Author: Jaycee Dugard
Publisher: Simon & Schuster
Published: July 12, 2011
Hardcover: 268 pages
Source: borrowed from library
My Rating: 3 stars
Synopsis (from goodreads.com): In the summer of 1991 I was a normal kid. I did normal things. I had friends and a mother who loved me. I was just like you. Until the day my life was stolen.
For eighteen years I was a prisoner. I was an object for someone to use and abuse.
For eighteen years I was not allowed to speak my own name. I became a mother and was forced to be a sister. For eighteen years I survived an impossible situation.
On August 26, 2009, I took my name back. My name is Jaycee Lee Dugard. I don’t think of myself as a victim. I survived.
A Stolen Life is my story—in my own words, in my own way, exactly as I remember it.
My Thoughts: This was such a haunting book and one that I know will be difficult to right a review for. I want to preface my thoughts with this: I do not think that I can truly rate this book. For me to rate this book is to rate Jaycee Dugard's experience and it is something that I cannot even begin to fathom. What happened to her is horrible and it is amazing that she was finally found after 18 years. Her story is one that no one can judge because being in her shoes would be difficult for anybody to try and remember and put down on paper.
Jaycee does a great job of going back to when she is a child. The book is chronological, beginning with Jaycee getting ready for school on that day she was kidnapped and up to the present day. Her writing is so clear at the beginning and it's horrifying to read about her abduction and when you remember that this isn't a work of fiction but a true story, it will break your heart. She tells about her first few days in Phillip and Nancy Garrido's home. She does so with amazing objectivity considering what they did to her. She constantly states that she is not filled with hate toward her captors. It's this objectivity that keeps the story moving and prevents it from dragging. It would be easy for her to dwell on how awful this was and how unfair it was that this happen to her and her daughters, but she doesn't.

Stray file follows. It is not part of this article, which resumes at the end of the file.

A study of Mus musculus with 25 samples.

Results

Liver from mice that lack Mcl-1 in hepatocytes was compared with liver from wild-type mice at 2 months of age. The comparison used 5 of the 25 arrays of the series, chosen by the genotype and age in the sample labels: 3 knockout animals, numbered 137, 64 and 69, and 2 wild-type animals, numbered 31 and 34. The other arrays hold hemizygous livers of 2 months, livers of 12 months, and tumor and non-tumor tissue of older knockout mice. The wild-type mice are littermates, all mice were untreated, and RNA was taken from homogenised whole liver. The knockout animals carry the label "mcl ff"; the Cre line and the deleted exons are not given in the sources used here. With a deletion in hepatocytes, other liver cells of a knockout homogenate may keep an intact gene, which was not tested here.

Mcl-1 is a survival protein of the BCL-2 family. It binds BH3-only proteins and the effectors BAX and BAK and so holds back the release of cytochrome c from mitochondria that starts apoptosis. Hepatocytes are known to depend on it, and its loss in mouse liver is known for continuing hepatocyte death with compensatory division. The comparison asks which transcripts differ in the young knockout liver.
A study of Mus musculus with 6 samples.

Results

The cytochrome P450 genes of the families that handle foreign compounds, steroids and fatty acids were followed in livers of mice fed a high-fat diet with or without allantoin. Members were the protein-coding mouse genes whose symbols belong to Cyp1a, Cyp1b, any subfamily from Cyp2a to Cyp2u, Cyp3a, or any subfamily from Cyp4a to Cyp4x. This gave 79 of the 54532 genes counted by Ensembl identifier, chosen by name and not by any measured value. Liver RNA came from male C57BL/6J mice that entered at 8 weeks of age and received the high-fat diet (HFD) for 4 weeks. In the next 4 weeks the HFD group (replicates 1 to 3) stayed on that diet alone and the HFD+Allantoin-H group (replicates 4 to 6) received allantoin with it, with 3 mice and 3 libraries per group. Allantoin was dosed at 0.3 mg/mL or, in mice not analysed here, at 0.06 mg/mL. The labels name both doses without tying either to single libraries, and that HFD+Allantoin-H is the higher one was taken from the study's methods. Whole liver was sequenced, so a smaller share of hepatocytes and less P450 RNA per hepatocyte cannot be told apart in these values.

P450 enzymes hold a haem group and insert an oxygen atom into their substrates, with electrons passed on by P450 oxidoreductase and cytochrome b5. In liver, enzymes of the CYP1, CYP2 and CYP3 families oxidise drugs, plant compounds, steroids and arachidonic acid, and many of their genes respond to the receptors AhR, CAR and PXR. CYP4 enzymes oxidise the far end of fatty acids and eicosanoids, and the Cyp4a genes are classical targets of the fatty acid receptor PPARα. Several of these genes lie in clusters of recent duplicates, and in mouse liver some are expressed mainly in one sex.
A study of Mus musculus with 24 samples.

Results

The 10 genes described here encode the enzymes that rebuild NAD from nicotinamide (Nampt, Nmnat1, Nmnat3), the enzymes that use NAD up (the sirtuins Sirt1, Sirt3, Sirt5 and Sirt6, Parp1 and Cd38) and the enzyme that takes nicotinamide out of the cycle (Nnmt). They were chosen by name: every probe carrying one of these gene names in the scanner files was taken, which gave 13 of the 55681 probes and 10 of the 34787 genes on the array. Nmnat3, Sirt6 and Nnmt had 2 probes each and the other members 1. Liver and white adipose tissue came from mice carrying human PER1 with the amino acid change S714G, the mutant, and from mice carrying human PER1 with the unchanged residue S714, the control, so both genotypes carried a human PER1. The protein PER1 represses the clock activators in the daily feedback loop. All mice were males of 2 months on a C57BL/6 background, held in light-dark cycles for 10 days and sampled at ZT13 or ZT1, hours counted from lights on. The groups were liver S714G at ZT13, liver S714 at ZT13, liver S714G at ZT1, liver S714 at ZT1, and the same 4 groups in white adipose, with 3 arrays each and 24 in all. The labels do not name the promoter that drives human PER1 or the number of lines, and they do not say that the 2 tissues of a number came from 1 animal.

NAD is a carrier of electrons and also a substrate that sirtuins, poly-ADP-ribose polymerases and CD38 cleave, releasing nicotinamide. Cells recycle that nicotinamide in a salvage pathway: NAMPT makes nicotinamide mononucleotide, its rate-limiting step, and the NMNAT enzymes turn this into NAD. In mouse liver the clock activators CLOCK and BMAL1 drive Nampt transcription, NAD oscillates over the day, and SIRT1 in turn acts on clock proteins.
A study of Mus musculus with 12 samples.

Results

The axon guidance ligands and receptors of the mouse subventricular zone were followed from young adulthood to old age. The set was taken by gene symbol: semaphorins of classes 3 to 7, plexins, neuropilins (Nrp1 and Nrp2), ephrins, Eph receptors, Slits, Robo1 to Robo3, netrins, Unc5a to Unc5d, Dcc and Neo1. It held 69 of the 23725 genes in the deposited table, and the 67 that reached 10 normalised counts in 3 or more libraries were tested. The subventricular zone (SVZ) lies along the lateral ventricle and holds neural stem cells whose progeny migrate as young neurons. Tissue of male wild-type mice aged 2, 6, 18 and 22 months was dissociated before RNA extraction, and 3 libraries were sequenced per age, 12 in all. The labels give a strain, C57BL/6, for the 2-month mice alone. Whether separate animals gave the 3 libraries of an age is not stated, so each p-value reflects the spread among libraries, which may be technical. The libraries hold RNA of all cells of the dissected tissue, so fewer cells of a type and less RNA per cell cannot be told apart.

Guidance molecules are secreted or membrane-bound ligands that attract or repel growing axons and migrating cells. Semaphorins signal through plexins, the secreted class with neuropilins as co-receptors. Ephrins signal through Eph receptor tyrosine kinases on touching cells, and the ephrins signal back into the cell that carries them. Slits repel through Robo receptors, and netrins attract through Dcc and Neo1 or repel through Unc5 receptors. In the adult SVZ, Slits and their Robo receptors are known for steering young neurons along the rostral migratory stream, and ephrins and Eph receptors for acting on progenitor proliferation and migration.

Jaycee wrote this book reflecting back on specific moments during her capture and at the end of the chapters, has her reflections. She looks back on what these experiences mean to her now. These reflections really allow you to enter her thoughts and understand a bit of what she experienced. She goes all the way up to the present day, talking about her therapy sessions and how she is acclimating back into society. There are so many things that we do that Jaycee was afraid to do after she was found: pumping gas was terrifying because she was nervous that she was doing it wrong and someone would come up and yell at her. It's startling reading these parts and realizing what a grip the Garrido's had on her.
The one thing that I didn't like about this book was that as time progressed, Jaycee's writing seemed to become more jumpy. It jumped between what was happening in the backyard to the parole office to her current day therapy. As I stated at the beginning of my review, it's hard for me to review this book because this isn't a work of fiction, this was something that someone actually had to live through. I would imagine that towards the end of her captivity, it would seem that everything was jumping around because the routine that she had was disturbed.
This book is haunting and uplifting. To read about what she experienced is unreal and it's difficult to read at times because you cannot fathom an adult doing this to a little girl. I finished this book feeling happy for Jaycee and her girls, knowing that they are doing well and that she survived such an ordeal when it would have been so easy to give up.